Someday, the Cubs will go all the way.
Just like that Eddie Vedder song says.
That day, the one that gets them into their first World Series since 1945, could well come 12 months from now.
October 2016, when the Chicago Cubs play the Texas Rangers in the true Back to the Future World Series.
Counting the Cubs’ world championship drought — they last won it all in 1908 — and what happened to the Rangers in Game 6 of 2011, the two franchises will have played 152 baseball seasons without the big trophy when next year rolls around.
Holy cow, as the late Harry Caray would say.
But do not dwell on the buzz saw that was the New York Mets’ pitching in the NLCS or the Rangers’ seventh-inning collapse in Toronto. Evidence persists that this October was just a warm-up.
The Cubs and the Rangers. Next year’s champions. Book it.
The champagne had barely dried on Chicago’s NLDS victory over St. Louis when it was suddenly all over. The Mets in four. The Cubs never led for a single inning.
“It’s hard to get to this point,” pitcher Jon Lester reflected Wednesday night. “You can fool people through the season and win games, but this is where you get exposed. This is where you figure out how to truly win.”
The similarities between the two franchises are apparent. The one-two punch in the Texas rotation will be Yu Darvish and Cole Hamels. The Cubs have their own one-two in Lester and TCU’s Jake Arrieta.
Both teams appear to be a free agent pitcher short.
“You’re going to look always to augment your pitching — always,” Chicago manager Joe Maddon said. “That’s just what you do.”
Rangers general manager Jon Daniels has expressed his preference to fill roles from within. But look at what the Mets are sending to the mound next week.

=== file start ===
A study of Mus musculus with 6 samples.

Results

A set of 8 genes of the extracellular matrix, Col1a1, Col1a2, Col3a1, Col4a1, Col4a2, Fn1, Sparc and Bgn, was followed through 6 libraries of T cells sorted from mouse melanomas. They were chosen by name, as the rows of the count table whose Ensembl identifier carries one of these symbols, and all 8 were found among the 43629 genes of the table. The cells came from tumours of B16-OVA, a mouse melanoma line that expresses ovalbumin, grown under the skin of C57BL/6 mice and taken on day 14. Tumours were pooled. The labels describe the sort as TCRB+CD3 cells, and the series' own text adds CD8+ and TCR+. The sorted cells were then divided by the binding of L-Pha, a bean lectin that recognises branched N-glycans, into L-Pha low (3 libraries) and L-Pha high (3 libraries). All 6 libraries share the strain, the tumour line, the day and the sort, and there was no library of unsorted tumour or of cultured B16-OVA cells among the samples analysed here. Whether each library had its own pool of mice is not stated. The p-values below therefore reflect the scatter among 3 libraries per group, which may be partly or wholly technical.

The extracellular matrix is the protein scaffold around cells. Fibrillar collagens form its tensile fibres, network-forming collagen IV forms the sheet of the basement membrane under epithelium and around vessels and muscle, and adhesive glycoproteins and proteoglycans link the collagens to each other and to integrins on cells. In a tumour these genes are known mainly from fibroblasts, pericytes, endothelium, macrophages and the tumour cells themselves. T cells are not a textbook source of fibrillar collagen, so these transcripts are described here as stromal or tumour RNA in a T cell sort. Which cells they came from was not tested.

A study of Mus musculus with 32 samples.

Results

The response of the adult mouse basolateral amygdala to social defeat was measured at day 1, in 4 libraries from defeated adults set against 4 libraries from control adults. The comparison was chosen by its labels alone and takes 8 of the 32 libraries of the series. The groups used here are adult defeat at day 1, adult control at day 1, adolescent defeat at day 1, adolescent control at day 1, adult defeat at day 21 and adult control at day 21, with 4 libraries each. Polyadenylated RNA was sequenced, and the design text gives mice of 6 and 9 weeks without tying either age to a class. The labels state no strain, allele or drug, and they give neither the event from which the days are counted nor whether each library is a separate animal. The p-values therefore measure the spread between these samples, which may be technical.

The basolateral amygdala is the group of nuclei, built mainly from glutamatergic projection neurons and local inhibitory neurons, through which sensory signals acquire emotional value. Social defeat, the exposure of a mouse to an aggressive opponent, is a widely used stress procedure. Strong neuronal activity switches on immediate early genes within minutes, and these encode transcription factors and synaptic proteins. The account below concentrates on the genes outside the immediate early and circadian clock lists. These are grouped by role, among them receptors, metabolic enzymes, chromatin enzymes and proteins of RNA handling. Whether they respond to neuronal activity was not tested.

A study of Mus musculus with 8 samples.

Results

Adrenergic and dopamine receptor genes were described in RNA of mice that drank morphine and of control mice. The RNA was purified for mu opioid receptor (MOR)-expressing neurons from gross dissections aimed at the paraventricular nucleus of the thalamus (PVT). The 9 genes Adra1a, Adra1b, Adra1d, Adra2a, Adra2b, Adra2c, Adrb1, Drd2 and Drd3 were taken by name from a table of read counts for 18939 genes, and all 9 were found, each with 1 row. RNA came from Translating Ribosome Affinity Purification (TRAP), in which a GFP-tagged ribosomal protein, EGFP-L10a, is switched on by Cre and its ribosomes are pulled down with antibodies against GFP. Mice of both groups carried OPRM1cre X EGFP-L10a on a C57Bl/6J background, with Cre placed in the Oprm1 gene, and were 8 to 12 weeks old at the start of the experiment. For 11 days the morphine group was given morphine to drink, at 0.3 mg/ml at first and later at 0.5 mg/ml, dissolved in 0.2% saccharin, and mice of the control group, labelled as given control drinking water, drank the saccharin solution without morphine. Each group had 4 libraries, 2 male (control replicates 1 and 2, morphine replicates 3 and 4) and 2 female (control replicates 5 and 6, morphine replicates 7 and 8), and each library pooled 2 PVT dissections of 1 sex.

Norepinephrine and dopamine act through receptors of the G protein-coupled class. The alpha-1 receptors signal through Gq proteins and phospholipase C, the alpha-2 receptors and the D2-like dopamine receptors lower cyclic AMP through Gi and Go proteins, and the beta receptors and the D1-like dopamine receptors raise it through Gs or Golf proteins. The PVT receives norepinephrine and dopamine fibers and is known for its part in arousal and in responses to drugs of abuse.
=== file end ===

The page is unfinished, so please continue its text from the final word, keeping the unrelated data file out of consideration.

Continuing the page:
Who’s the Rangers’ version of Noah Syndergaard? For that matter, who’s their Steven Matz?
If there are any doubts at all about Derek Holland, Colby Lewis or Yovani Gallardo, or about Chi Chi Gonzalez’s big-league readiness, why take that chance?
The marquee advertising this winter’s free agent pitching market has seldom shined brighter. The lists includes, among others, Zack Greinke, David Price, Jordan Zimmerman and Johnny Cueto.
The Cubs certainly will be interested. The Rangers should be, too.
Starting pitching is expensive, but buying it has proven to be the time-honored best way to go. The Rangers can dig deep and sign a third A-list starter in the off-season, or they can try to beat him next year when he pitches against them.
The same no-doubts philosophy needs to guide Daniels’ thinking as he seeks to balance the Rangers’ predominantly left-handed lineup.
Which is to say, how’s that wishing well on Josh Hamilton going? Think he will be healthy for 140 games? Even 60?
Why take that chance?
The Rangers failed to trade for right-handed-hitting left fielder Justin Upton two winters ago. Now that he’s hit free agency, Daniels should be interested.
Upton only batted .191 against lefties for the Padres this season, but his career splits are more even and he has an .886 OPS against them.
Mike Napoli came cheaply and made a winning impact on the Rangers’ clubhouse. But Nap has become a one-trick platoon pony, batting barely above .200 against right-handers over the past two seasons.
After poor Kyle Schwarber’s misadventures in the NLCS, do you really want to see Napoli in left field next season?
Losing in baseball’s postseason hurts, especially the way both the Cubs and Rangers were eliminated.
“But it’s only going to make these guys better,” Lester said. “Guys will come in and expect to be in this position, if not the next step. That to me is the greatest positive we can take from this year.”
Next year. Next October.
It may be the “someday” that Pearl Jam’s Vedder sings about for both the Cubs and the Rangers.